Austen, Speare, or Something Else? Choosing a Mentor Novel

Novelists out there: Ever been asked to choose a “mentor” novel?

The intensive novel writing class I begin soon requires that I choose a mentor novel.  This is a novel that I have already read and loved for its style, genre, tone, plotting, humor, language, or whatever reason, and wish to emulate in some way.

Question is, what to choose?  What novels are educative for the writer learning her craft?

I can say what will not work.  My preference might be the Eliots and Tolstoys, but Middlemarch and War and Peace wouldn’t make good mentor novels.  At least, good mentor novels for the likes of me.  Why?  They are too long and too complex.  Normally, as a reader, I would consider these to be good qualities in a novel.  Who doesn’t love delving into the delightful complexities of an epic masterpiece?  But they fail as mentor novels because a writer would be hard-pressed to get their minds around the structure of those books.  And getting our minds around the structure of a book is what having a mentor novel is all about.

That being said, I’m toying with two novels right now:  Jane Austen’s Pride and Prejudice and The Witch of Blackbird Pond by Elizabeth George Speare.

Pride and Prejudice is an easy, obvious choice.  I love Austen’s novels and I know them well (maybe a little too well). She’s a master at characterization, and emulating her would also help me achieve my near-impossible goal of being funny (considering that I’ve boldly opined on the lack of humor in new Catholic literature).  Perhaps, with Austen’s help, I’ll dream up another Mr. Collins?

One can only hope.

My one objection to using Pride and Prejudice is that it’s everyone’s mentor novel.  Need proof?  The Elizabeth Theory.  Contemporary fiction has way, way too many Elizabeth knockoffs.   Other than Shakespeare’s Beatrice (Much Ado About Nothing), I cannot think of a single female literary character prior to P&P with the temperament and talent of an Elizabeth Bennett.  She became a type when she arrived on the scene – a beloved and much imitated type – and since then our female characters are measured according to the Pride and Prejudice standard.

My more pressing goal, however, is to work on plotting, and for that I can think of no better example than the Newbury Award winning novel The Witch of Blackbird Pond That Disney hasn’t already turned it into a movie is surprising, considering its vast popularity with fifth-grade teachers.  It’s a compelling and tightly written story set in colonial Connecticut, and the opening chapters are near perfection in its hook, establishment of the premise, characterization, scene structure, and foreshadowing. And, being a children’s story, the plot is easier to analyze.  Kit is another Elizabeth Bennett type, of course, but otherwise it’d be a great book to imitate.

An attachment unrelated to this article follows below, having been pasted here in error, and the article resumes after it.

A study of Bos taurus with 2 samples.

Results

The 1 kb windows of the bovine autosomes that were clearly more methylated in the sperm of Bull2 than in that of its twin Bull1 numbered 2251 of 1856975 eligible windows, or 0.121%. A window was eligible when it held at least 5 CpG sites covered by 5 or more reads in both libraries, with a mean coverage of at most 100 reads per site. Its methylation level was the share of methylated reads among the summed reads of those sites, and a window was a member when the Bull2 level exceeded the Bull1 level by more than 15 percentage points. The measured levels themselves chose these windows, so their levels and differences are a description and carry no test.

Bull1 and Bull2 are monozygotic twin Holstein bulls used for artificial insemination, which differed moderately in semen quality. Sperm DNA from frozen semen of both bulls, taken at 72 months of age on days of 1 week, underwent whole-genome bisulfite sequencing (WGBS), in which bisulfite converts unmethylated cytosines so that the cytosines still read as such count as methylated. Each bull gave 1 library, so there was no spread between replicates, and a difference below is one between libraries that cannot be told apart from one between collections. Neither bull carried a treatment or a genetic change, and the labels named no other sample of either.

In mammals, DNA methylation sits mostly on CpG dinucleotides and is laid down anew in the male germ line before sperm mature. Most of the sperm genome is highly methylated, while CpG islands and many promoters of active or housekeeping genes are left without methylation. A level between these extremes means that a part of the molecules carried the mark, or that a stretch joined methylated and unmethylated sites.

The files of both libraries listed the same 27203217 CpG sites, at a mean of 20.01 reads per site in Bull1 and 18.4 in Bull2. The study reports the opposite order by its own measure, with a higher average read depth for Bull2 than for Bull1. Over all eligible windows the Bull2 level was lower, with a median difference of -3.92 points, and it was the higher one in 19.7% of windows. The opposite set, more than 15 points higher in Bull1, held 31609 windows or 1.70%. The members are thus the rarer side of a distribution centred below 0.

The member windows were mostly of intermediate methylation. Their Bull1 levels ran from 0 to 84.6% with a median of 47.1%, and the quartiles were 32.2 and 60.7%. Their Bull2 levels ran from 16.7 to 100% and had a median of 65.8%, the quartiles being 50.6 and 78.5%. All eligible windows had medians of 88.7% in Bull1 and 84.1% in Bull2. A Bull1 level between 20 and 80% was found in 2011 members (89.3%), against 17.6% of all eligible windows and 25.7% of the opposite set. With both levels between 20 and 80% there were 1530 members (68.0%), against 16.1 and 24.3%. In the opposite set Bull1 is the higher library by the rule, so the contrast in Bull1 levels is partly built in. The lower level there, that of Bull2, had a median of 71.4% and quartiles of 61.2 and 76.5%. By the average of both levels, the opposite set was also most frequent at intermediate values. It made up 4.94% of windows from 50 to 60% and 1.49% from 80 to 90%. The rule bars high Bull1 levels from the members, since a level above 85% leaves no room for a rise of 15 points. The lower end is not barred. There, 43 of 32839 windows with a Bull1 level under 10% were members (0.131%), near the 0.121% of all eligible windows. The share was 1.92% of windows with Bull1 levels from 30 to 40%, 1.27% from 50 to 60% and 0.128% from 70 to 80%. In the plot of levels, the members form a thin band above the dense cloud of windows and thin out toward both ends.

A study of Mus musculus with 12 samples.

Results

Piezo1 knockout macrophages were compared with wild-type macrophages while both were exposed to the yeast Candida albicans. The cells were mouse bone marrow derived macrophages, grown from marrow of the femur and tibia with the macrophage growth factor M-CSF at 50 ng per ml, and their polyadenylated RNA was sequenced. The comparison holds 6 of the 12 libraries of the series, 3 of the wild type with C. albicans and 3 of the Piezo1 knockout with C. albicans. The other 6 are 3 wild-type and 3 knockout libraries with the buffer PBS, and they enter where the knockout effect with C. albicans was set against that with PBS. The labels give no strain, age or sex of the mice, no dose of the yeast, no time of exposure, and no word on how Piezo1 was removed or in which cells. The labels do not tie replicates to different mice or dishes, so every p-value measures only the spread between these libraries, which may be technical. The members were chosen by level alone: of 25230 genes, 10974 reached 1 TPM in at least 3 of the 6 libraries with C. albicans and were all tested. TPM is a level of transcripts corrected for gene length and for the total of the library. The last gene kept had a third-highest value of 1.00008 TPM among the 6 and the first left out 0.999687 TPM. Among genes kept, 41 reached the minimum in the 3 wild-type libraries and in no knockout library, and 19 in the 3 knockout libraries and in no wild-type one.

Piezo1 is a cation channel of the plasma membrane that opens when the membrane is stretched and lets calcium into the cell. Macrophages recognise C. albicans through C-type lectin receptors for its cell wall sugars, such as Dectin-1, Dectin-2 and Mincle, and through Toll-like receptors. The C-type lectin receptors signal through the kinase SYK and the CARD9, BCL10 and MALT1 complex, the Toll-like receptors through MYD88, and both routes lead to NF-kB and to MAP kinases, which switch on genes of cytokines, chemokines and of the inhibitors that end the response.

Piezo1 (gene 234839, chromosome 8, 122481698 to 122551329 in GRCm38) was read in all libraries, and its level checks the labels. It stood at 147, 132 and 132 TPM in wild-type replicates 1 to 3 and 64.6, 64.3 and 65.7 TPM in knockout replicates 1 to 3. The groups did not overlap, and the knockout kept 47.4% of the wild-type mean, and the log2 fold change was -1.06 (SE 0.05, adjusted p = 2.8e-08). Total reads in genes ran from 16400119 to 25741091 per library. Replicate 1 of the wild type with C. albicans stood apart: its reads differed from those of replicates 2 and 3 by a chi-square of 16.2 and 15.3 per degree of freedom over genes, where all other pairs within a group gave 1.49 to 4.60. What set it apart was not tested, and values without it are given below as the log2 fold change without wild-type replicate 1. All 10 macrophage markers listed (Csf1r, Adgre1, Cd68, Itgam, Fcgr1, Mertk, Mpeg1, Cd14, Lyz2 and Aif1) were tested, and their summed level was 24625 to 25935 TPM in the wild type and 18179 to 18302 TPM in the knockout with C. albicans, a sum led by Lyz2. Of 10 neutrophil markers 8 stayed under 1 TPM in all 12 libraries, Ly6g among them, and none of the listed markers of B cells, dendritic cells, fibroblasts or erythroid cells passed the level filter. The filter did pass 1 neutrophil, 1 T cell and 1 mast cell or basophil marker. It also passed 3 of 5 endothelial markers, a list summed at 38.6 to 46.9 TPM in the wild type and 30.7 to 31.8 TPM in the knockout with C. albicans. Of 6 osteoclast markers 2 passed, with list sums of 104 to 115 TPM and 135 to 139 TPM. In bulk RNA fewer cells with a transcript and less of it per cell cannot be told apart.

How about you?  What novel (or book, for you non-fiction writers) would you choose as a mentor novel, and why?

Comments

  1. says

    I’m not a fiction writer but if I was my mentor writer would be Steinbeck. Master story teller.

    For non-fiction? Ann Voskamp. See her One Thousand Gifts to know what I mean.

    PS. I loved the Witch of Blackbird Pond in school. May have to read that one again with the kids…

    • Rhonda says

      I love the Steinbeck choice! Right on. I still need to pick up One Thousand Gifts (bad Rhonda)…

      You know what’s funny about WoBP? When I first read it (high school, maybe?), I thought it was anti-religion. Then when I taught it, I realized that it was anti-ignorance and anti-prejudice, not anti-religion. There’s definitely a bias for something other than Puritanism, but I think she’s actually pretty respectful of the Puritans. Even with the witch hunt stuff. But others might disagree with me on this. In any case, as a Catholic, I don’t see anything wrong with George’s portrayal of the good and bad of Puritan Conn.

    • Rhonda says

      Thanks for the link! I liked that one of my favorites, Kristin Lavransdatter (another wonderful epic that would not make a good mentor novel for the likes of me), was near the top of Deal Hudson’s list. This is a great resource, Colleen.

  2. says

    I have a novel that has been patiently waiting in my brain since 2008 waiting to come out. So far I only have a few pages of it written down. Maybe I need to become a naptime writer as well! My mentor novel would have to be Middlemarch, yet I feel that George Eliot’s style is inimitable. I have tried to write the way she does, deftly weaving her own commentary into the action, but it always comes off as stilted or supercilious. I love Middlemarch; maybe one of my favorite things that St. John’s introduced me to that I NEVER would have picked up on my own. As for writing non-fiction, Anne Lamott or Annie Dillard would have to top my list. Anne’s a little “out there” spiritually sometimes but I love a lot of her insights and she is pretty hilarious.